The U.S. Supreme Court has decided not to review the appeal of former Minneapolis police officer Derek Chauvin.
The apex court's decision solidifies Chauvin's sentence of 20 years for his role in the 2020 incident that triggered worldwide protests.
Derek Chauvin, once a member of the Minneapolis Police Department, was sentenced to 20 years in prison for the murder of George Floyd. This case drew international attention after a video of Chauvin kneeling on Floyd's neck went viral, leading to widespread protests. Chauvin's attorney, William Mohrman, later filed an appeal to the U.S. Supreme Court, challenging the fairness of the trial.
Mohrman contended that the widespread publicity of the case and the mounting outrage within the community made it practically impossible for Chauvin to receive a fair trial in Minneapolis, where the incident and the subsequent trial took place.
Due to the extensive pre-trial coverage, Mohrman stated that most potential jurors were already familiar with the case, which may have influenced their perception of Chauvin’s guilt.
Mohrman's argument hinged on the concern that nearly 75-80% of the jurors expressed fears for their safety due to their involvement in the trial. This, he argued, indicated a compromised trial environment where jurors might feel pressured to render a guilty verdict.
William Mohrman's appeal on behalf of Chauvin was rooted in the Sixth Amendment of the U.S. Constitution, which guarantees the right to a fair trial. He emphasized that this includes being tried in a location where jurors are not influenced by extensive pre-trial publicity or community sentiment. Mohrman stated:
"Under the Sixth Amendment of the U. S. Constitution, every criminal defendant is guaranteed a right to a fair trial, and part of that fair trial-right is not to be tried in a location where the jurors have either been exposed to extensive pre-trial publicity, or there has been such community outrage and the like that the jurors, before they even were impaneled before the trial, would have concluded the defendant’s guilty, or would have been pressured into rendering a guilty verdict."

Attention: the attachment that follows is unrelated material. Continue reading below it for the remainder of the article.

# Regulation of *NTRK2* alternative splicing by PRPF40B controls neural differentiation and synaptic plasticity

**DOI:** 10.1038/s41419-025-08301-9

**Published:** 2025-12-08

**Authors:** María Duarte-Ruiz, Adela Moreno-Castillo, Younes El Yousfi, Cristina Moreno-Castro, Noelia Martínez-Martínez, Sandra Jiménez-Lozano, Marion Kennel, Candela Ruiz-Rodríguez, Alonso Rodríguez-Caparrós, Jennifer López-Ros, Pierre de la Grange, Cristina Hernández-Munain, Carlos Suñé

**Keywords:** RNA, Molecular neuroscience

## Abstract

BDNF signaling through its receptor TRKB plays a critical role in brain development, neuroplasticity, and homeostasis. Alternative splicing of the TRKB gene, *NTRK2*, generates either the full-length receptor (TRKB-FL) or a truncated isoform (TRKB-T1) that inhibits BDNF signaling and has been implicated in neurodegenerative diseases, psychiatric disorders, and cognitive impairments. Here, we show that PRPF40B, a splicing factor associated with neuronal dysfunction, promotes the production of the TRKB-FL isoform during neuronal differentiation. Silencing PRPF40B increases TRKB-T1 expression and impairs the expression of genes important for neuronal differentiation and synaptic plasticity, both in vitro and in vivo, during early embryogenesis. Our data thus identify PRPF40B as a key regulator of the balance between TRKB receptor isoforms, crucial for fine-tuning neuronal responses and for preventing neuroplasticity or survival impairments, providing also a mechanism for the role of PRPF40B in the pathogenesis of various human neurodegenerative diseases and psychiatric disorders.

Mohrman also pointed out that when a fair trial is jeopardized due to these factors, the Supreme Court's precedents typically require a change of location or venue for the trial.
The case of George Floyd's death and Derek Chauvin's subsequent trial garnered global attention, sparking protests against police brutality and systemic racism. The video showing Chauvin kneeling on Floyd's neck was seen by millions and became a symbol of the Black Lives Matter movement. This widespread public awareness was a core element of Mohrman's argument for Chauvin's appeal.
Despite these arguments, the U.S. Supreme Court's decision not to hear the appeal leaves Chauvin's conviction standing. This decision underscores the high court's discretion in selecting cases and often reflects on the broader legal implications of the issues at hand.
In addition to the state conviction, Derek Chauvin also faces a separate federal civil rights conviction that carries a sentence of over 20 years to be served concurrently. This aspect of Chauvin's legal battles remains a separate and distinct legal challenge with its own set of appeals and procedures.